This morning, the Federal Reserve Bank of Philadelphia announced that its general economic index for October fell from 3.8 in September to a much worse-than-forecast minus 37.5, the lowest level in nearly two decades. That follows yesterday's news that the Federal Reserve Bank of New York’s general economic index declined to a record low of minus 24.6, also below expectations. Together with another regularly updated index, the Richmond Federal Reserve Bank's manufacturing sector activity survey (October data has not yet been released), these indicators seem to make it clear that the economic outlook remains bleak.
Also today, the Treasury Department announced that net foreign purchases of U.S. financial assets -- equities, notes and bonds -- rose from .57 billion in July to .98 billion in August. Although seemingly good news on its face, the increase was less than half of what economists were anticipating, according to Bloomberg. In addition, the pattern of running 12-month total inflows has remained fairly subdued following the break below a multi-year uptrend that occurred just over a year ago.
In recent weeks, there have been a great many efforts -- in the U.S. and elsewhere -- to “rescue” the financial system and make credit more freely available. However, it appears that policymakers’ actions -- and the fear of government printing presses gone wild -- have brought about at least one unintended -- and unwelcome -- consequence: steepening yield curves around the globe. In essence, that means longer-term financing has become costlier for borrowers.
Moreover, while some might argue that wide spreads tend to benefit firms that borrow short and lend long (e.g., banks), history has shown that they are big losers in a curve-steepening environment. In part, that is because many of the assets they hold (e.g., bonds) lose value when longer-term interest rates are trending higher (because prices move inversely to rates). In other words, it's not just the absolute level of the spread that matters -- the direction and speed of the change in spreads is also important.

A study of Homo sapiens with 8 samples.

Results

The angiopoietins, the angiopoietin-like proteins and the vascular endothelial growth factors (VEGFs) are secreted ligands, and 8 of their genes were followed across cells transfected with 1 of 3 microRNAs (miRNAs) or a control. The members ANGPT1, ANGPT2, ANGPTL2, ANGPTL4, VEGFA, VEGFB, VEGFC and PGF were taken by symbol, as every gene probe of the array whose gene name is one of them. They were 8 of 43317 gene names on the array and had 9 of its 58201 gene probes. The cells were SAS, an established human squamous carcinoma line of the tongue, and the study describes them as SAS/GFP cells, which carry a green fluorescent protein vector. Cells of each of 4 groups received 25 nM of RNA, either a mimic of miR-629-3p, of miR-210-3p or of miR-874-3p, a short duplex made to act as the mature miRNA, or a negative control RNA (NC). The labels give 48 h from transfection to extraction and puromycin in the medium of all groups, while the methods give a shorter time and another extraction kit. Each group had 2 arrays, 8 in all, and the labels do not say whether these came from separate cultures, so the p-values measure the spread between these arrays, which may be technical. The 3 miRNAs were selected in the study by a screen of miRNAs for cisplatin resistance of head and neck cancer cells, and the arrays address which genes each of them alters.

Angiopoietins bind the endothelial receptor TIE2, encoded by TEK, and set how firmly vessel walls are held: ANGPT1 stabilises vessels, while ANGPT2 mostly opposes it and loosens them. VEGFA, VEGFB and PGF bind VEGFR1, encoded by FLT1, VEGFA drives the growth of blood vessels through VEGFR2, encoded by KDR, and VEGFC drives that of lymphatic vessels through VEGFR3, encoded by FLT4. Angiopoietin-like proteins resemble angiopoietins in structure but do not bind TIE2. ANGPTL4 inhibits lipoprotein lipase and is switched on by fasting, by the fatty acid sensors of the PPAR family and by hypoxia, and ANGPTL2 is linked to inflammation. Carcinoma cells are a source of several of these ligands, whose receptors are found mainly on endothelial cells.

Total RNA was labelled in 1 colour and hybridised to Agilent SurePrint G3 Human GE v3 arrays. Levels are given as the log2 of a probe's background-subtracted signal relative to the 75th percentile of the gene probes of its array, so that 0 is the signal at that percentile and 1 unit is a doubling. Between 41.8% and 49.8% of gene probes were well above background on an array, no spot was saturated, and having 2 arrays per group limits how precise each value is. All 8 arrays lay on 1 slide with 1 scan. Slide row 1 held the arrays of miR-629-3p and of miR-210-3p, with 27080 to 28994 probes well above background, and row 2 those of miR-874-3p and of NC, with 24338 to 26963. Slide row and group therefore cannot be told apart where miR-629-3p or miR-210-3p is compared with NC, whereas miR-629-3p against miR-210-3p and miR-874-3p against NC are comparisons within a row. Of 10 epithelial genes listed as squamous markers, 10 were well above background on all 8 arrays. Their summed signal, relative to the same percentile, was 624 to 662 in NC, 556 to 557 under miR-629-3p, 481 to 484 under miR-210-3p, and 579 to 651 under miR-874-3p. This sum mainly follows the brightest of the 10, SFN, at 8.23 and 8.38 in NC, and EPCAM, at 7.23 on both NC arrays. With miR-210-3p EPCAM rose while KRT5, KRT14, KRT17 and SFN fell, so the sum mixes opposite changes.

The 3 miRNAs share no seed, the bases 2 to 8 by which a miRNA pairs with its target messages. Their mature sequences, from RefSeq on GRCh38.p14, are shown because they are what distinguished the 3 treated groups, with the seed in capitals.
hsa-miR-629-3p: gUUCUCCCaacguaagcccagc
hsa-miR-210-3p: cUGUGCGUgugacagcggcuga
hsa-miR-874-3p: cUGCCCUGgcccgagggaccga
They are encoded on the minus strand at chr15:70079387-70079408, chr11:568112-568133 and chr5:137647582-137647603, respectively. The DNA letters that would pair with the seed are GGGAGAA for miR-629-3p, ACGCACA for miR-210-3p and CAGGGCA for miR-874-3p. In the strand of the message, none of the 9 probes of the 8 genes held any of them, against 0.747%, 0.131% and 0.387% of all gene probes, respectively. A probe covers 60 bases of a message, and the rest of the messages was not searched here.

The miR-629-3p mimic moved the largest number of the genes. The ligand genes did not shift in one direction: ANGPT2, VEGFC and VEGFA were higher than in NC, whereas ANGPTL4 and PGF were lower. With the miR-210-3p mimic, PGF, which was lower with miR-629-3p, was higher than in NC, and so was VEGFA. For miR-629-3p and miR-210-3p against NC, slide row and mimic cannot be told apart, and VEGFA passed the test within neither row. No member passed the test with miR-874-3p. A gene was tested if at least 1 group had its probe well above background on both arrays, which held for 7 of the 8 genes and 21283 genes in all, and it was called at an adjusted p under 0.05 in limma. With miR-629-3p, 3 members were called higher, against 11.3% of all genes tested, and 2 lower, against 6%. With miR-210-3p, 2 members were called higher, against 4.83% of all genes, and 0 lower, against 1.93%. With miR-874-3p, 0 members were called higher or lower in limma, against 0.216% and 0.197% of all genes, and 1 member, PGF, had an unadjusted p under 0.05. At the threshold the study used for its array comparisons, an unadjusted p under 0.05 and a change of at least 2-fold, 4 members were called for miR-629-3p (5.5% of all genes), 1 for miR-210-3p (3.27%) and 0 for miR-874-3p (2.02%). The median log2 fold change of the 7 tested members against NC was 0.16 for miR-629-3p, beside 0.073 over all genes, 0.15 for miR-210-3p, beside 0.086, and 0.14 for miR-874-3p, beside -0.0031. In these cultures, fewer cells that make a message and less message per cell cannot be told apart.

Finally, with authorities around the globe pulling out all stops to "rescue" the beleaguered financial sector -- including capital injections, extraordinary lending facilities and short-sale bans -- we could see bears refocus their attentions on a sector that seems poised for a lot more pain as economic conditions continue to worsen. Based on the accompanying chart of the S&P consumer discretionary sector relative to the financial sector, that shift appears to be already underway.
Stocks finished the day sharply higher following a successful intraday retest of last Friday’s lows and a rebound in recently hard-hit energy and technology shares. Technicals appeared to rule as investors shook off a cross-section of weaker-than-expected economic data.
At the close, the Dow Jones Industrial Average surged 401.35 points, or 4.7%, to 8,979.26. The S&P 500 Index rallied 38.59, or 4.3%, to 946.43. The Nasdaq Composite Index jumped 89.38, or 5.5%, to 1,717.71.
December gold fell $31.20 to $807.80 in late-session electronic trading, a loss of 3.7%, while the U.S. Dollar index drifted 0.3% higher. Ten-year Treasury bond yields rose one basis point to 3.96%.